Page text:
What a Difference a Mom Makes: The Indelible Imprint a Mom Leaves on Her Son's Life

by Kevin Leman


Learn More | Meet Kevin Leman
You panic. “I don’t know a thing about boys!” Ah, but you will. You’ve always dreamed of having that precious little daughter—one who is a little replica of you. You dream of the close relationship you’ll have as mother and daughter, watching her taking her first step, buying her first tutu for her ballet recital, arranging her hair for her first date . . . And then you show up at the doctor’s office for your sonogram. “What’s that?” you say, pointing at a little something you can’t quite place on the blurry black-and-white image. And the doc says, “That’s a penis.” You frown, not understanding. “My daughter’s got a penis?” Then realization dawns. “A boy?” Inside you start to panic. What do I do with a boy? I don’t know a thing about boys! Ah, but you will. Maybe you weren’t raised with any siblings, or at least with any brothers. Perhaps your dad was MIA, so you didn’t get much guy influence in your house. Or maybe you did have a brother, but you didn’t understand him then . . . or now. Or perhaps you’re already thrown into the process of bringing up your boy. He might be an infant you recently birthed or adopted, and you’re congratulating yourself because you just figured out how to strategically place the Pampers so you don’t get those early-morning or late-night surprise showers when you change his diaper. Good for you! You’re on the road to success already. Your son might be a toddler who has recently told you in that determined tone you know means business, “By self, Mom. I do it by self.”

Perhaps your son will soon be going off to preschool or kindergarten. You can’t help but think, My baby’s leaving the nest. Half of you looks forward to the break (and the quiet!), but the other half mourns your son going off somewhere— anywhere—without you. Then there’s your nine-year-old, who used to be so close and affectionate but now is backing off a bit. He even asked you the other day to walk a few steps behind him and said, “Please, Mom, don’t hug me in front of the guys.” And your adolescent son? The one who eats cereal in a bowl you could put a bowling ball in? You’re a little tired of hearing a grunt and then a door slam in response to your “How was your day?” Picking up sweaty socks from his jungle of a bedroom isn’t your idea of a fun afternoon either. Then there’s your high schooler. The one who shaves but doesn’t always use deodorant. Yeah, that one. The same one who gets annoyed when you do the “sniff test” before he walks out the door to school. Sometimes you wonder if you would matter in his life at all if you weren’t holding the car keys. Let’s face it. There are times you’re really stumped about why your son does what he does. Why he says what he says. And what’s he really thinking? You haven’t got a clue. Sometimes your son is just such a . . . boy. Boys and girls sure are different, aren’t they? I just saw five seventh-grade girls yesterday, talking nonstop and clustered together like a gaggle of geese. The seventh-grade boys? They were strutting like roosters single file behind those girls, acting cooler than cool, high-fiving each other every once in a while in a show of masculine bravado. Then I caught a glimpse of the second and third graders on the playground. The girls all resembled a covey of quail, traveling in flocks, clucking and hugging. The boys? In the five minutes I watched, three of them were pushing and yelling right in each other’s faces, and two more were whacking each other hard on the shoulder. Another boy a little farther down the field got tackled by three other guys in a roughand- tumble game of football.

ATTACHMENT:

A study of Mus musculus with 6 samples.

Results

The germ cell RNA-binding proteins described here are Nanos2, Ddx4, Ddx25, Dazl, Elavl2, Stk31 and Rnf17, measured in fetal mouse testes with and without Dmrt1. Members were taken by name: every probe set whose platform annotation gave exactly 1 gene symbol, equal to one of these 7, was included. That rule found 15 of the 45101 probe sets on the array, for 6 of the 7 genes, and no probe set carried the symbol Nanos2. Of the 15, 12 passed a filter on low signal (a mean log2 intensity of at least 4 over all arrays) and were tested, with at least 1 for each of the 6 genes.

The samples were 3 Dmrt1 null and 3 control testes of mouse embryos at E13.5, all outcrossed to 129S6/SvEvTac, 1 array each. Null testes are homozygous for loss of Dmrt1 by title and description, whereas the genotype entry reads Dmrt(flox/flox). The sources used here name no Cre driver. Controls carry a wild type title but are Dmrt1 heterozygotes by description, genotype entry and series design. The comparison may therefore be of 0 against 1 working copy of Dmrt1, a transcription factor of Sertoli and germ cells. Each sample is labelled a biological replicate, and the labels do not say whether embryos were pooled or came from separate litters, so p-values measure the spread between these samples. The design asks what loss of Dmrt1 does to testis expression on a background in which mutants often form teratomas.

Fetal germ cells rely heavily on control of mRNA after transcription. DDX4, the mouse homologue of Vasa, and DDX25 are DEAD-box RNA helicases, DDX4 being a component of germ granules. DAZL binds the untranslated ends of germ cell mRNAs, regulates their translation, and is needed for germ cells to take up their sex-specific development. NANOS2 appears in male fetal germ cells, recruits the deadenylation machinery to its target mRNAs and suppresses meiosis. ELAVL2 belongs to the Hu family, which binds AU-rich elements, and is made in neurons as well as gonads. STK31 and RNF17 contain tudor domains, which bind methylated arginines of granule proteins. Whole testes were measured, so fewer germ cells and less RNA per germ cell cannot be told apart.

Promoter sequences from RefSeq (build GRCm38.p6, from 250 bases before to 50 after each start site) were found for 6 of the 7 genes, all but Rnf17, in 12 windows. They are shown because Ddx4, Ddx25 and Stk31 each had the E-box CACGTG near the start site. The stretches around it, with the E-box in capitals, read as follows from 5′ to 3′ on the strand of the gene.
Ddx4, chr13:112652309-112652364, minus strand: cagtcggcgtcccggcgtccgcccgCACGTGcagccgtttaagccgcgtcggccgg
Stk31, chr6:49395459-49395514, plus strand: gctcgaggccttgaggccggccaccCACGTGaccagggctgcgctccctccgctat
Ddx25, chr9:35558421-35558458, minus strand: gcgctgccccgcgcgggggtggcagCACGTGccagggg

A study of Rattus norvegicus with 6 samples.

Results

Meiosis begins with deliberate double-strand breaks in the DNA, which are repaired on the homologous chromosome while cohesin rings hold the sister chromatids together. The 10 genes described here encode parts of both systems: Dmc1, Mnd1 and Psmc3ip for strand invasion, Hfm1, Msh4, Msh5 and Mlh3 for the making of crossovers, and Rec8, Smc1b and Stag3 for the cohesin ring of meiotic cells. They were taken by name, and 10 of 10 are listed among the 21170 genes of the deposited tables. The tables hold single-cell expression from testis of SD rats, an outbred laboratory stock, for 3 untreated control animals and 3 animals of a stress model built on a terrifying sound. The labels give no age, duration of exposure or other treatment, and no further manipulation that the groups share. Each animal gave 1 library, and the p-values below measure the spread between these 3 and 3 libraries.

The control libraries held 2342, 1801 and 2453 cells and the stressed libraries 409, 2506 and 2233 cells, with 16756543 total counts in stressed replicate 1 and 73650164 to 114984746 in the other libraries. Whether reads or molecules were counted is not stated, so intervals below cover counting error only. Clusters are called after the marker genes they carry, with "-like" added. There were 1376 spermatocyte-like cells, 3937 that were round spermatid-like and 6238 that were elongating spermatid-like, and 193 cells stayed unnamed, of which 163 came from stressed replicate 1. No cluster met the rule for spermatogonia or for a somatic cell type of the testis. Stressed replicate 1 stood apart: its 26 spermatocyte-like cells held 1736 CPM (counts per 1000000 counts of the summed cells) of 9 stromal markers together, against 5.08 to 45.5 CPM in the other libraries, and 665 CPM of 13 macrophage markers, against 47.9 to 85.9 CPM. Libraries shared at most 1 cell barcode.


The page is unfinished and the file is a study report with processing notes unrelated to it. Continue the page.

Besides the easy-to-see physical trait differences, there are lots of emotional and mental differences too. As a girl yourself, you might not always understand your boy, but he’ll always be your boy. Your son is altogether different from you, but when it comes to him, you’re Mama Bear. May God help anyone who says anything negative about your little cub. They could easily lose an arm. But you want to know something else? Of all the people in the world, you, Mom, make the biggest difference in your son’s world. He may not act like it. (In fact, he may act far from it!) Yet when it comes right down to who’s the most important to your son, it’s you. You see, your son is hiding a secret from you. He’ll never reveal it to you straight out, so I’ll say it plainly. Your boy wants to please you. And that driving need will stay with him for a lifetime. That gives you, Mom, a lot of power in your son’s life. You can set your son up for success in life—or failure. You, and only you, can help him understand what it is to be male and how to form healthy relationships with other females. After all, if he doesn’t learn that from you, where will he learn it from? I’ll share with you another secret too: males aren’t nearly as complex as females. But their hearts are just as tender and easily hurt. What a Difference a Mom Makes is all about you. It’s about your son. It’s about the relationship the two of you have right now—and the relationship you can have. It’s about understanding the male your boy is and helping to craft him into the man you want him to be when he leaves your nest to fly on his own. It’s about understanding yourself and why you respond to your son the way you do. And it’s about not only weathering the changes in your relationship as your son grows up, but enjoying the fun along the way as well. The old adage is true: boys will always be boys. But honestly, would you want your boy to be any different? Just don’t forget the secret: how much you matter in your boy’s world.